An easy introduction to drilling that can result in some amazingly creative pieces of art.
Age Range: 3+
Duration: 1-2 hours
Time Of Day: any time
Category: tool use & traditional crafts
Find a hard surface that can’t be damaged to lean on/drill into (there’s a link to our log rounds in the ‘what you’ll need’ box above, which could be used for this purpose).
Use softwood drills to make thinner holes (2mm) for use with activities like the conker person, or palm drills for holes with a bigger circumference – approx 5mm – more suitable for threading conkers with string.
- consider where and how many conkers you are collecting
- many conkers can fall where they are unlikely to grow, such as paths / roads
- try to collect where there is an abundance
- we have some foraging guidelines which may help
Health & safety considerations
- palm drill bit has sharp edges
- softwood hand drill has a sharp point
- choking hazard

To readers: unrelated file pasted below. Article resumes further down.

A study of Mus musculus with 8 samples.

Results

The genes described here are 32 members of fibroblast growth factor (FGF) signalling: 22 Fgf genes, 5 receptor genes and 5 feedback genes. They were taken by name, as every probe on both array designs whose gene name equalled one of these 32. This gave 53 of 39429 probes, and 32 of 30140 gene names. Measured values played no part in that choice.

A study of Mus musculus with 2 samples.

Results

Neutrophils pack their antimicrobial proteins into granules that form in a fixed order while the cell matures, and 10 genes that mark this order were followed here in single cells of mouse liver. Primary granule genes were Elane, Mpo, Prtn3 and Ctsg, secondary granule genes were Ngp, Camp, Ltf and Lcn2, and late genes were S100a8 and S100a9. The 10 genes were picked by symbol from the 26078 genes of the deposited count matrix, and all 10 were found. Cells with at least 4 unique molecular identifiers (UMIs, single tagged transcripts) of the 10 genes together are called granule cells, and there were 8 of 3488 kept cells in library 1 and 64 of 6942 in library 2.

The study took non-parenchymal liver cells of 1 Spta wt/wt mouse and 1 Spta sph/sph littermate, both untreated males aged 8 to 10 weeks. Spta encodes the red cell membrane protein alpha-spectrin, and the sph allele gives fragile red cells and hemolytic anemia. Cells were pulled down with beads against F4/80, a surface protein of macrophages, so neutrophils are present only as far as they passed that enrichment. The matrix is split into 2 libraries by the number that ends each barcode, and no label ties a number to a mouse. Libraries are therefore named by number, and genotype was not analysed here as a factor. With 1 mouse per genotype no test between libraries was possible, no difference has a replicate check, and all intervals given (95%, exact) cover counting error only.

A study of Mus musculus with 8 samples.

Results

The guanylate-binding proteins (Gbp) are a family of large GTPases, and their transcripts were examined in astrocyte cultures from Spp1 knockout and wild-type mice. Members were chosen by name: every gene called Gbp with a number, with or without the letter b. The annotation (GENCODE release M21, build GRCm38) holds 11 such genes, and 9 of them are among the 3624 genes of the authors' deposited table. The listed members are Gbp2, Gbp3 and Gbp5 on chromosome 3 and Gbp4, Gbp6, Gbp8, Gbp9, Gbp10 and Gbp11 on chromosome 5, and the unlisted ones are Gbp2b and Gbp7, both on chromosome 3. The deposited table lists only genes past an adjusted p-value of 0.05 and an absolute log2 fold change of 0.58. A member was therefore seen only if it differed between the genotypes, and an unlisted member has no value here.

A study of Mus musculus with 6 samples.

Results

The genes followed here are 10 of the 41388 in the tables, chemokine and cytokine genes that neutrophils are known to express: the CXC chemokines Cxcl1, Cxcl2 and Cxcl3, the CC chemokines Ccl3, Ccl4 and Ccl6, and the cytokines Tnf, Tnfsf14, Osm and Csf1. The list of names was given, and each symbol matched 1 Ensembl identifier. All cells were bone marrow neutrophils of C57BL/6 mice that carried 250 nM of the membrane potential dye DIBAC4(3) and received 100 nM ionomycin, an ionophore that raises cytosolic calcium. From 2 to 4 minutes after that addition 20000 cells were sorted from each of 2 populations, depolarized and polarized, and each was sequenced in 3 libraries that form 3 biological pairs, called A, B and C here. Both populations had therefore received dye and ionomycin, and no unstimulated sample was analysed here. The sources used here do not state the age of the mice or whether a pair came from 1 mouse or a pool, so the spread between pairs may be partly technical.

Head out on a conker hunt
We collect conkers that have fallen onto the pavement near our house, which I know would inevitably end up being crushed in the road, so I feel happy collecting lots from the pavement.
Place your conker into the conker holder or down onto a hard surface.
Place the drill at the top and drill directly downwards.
Drill straight downwards until you break right through to the opposite side.
Keep drilling until you have a nice clean hole – you may need to remove some of the debris from the hole by pulling the drill out of the conker.
Have a brush or pointy stick ready to clean the drill bit with – don’t be tempted to clean the bit out with your finger or you could get a cut.
Thread drilled conkers on to a string to make a conker snake.